Transformation is always a process of letting go, living in the confusing, shadowy space for a while, and eventually being spit up on a new and unexpected shore.
The word change normally refers to new beginnings. But transformation, the mystery we’re examining, more often happens not when something new begins, but when something old falls apart. The pain of something old falling apart—chaos—invites the soul to listen at a deeper level. It invites, and sometimes forces, the soul to go to a new place because the old place is falling apart. Most of us would never go to new places in any other way.
The mystics use many words to describe this chaos: fire, dark night, death, emptiness, abandonment, trial, the Evil One. Whatever it is, it does not feel good and it does not feel like God. We will do anything to keep the old thing from falling apart. This is when we need patience and guidance, and the freedom to let go instead of tightening our controls and certitudes. Perhaps Jesus is describing just this phenomenon when he says, “It is a narrow gate and a hard road that leads to life, and only a few find it” (Matthew 7:13–14). Not accidentally, he mentions this narrow road right after teaching the Golden Rule. He knows how much letting go it takes to “treat others as you would like them to treat you” (7:12).
So, a change can force a transformation. Spiritual transformation always includes a usually disconcerting reorientation. It can either help people to find a new meaning or it can force people to close down and slowly turn bitter.
The difference is determined precisely by the quality of our inner life, our spirituality. Change happens, but transformation is always a process of letting go, living in the confusing, shadowy space for a while, and eventually being spit up on a new and unexpected shore. You can see why Jonah in the belly of the whale is such an important symbol for many Jews and Christians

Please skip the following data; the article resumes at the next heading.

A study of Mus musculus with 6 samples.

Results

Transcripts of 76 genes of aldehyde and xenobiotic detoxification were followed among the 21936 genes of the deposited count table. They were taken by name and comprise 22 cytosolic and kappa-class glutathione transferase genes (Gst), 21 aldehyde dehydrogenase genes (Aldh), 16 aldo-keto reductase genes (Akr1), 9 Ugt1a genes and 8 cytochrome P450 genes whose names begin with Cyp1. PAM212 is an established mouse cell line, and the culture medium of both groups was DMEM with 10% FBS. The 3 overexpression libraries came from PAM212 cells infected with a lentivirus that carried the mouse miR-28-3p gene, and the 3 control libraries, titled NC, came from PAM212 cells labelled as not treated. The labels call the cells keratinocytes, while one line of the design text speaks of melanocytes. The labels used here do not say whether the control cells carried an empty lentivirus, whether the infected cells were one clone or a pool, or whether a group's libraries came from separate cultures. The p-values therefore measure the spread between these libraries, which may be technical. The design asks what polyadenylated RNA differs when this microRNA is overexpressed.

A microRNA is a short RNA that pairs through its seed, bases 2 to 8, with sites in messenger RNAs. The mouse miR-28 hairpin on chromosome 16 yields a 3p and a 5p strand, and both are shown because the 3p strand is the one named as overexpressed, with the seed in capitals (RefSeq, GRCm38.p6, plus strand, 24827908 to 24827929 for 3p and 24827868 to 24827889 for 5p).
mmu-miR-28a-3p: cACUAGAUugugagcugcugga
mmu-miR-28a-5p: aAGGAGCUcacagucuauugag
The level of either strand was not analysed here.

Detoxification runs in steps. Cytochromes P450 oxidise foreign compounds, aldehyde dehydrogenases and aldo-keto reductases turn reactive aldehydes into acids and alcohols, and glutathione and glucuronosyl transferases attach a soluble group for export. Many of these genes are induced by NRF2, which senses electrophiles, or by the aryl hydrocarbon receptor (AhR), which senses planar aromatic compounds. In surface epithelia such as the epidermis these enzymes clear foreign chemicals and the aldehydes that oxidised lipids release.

In moments of insecurity and crisis, shoulds and oughts don’t really help; they just increase the shame, guilt, pressure, and likelihood of backsliding. It’s the deep yeses that carry us through. It’s that deeper something we are strongly for that allows us to wait it out. It’s someone in whom we absolutely believe and to whom we commit. In plain language, love wins out over guilt any day. It is sad that we settle for the short-run effectiveness of shaming people instead of the long-term life benefits of true transformation. But then, we are a culture of product and efficiency, not terribly patient with growth.
God clearly is much more patient—and, finally, much more effective. God lets Jonah run in the wrong direction, but finds a long, suffering, circuitous path to get him back where he needs to be—in spite of himself! That is patiently supporting inner transformation. Only God seems to have developed such a talent. We usually prefer order, control, predictability, and immediacy. I think that is probably the most striking difference between institutional religion and the God of mercy.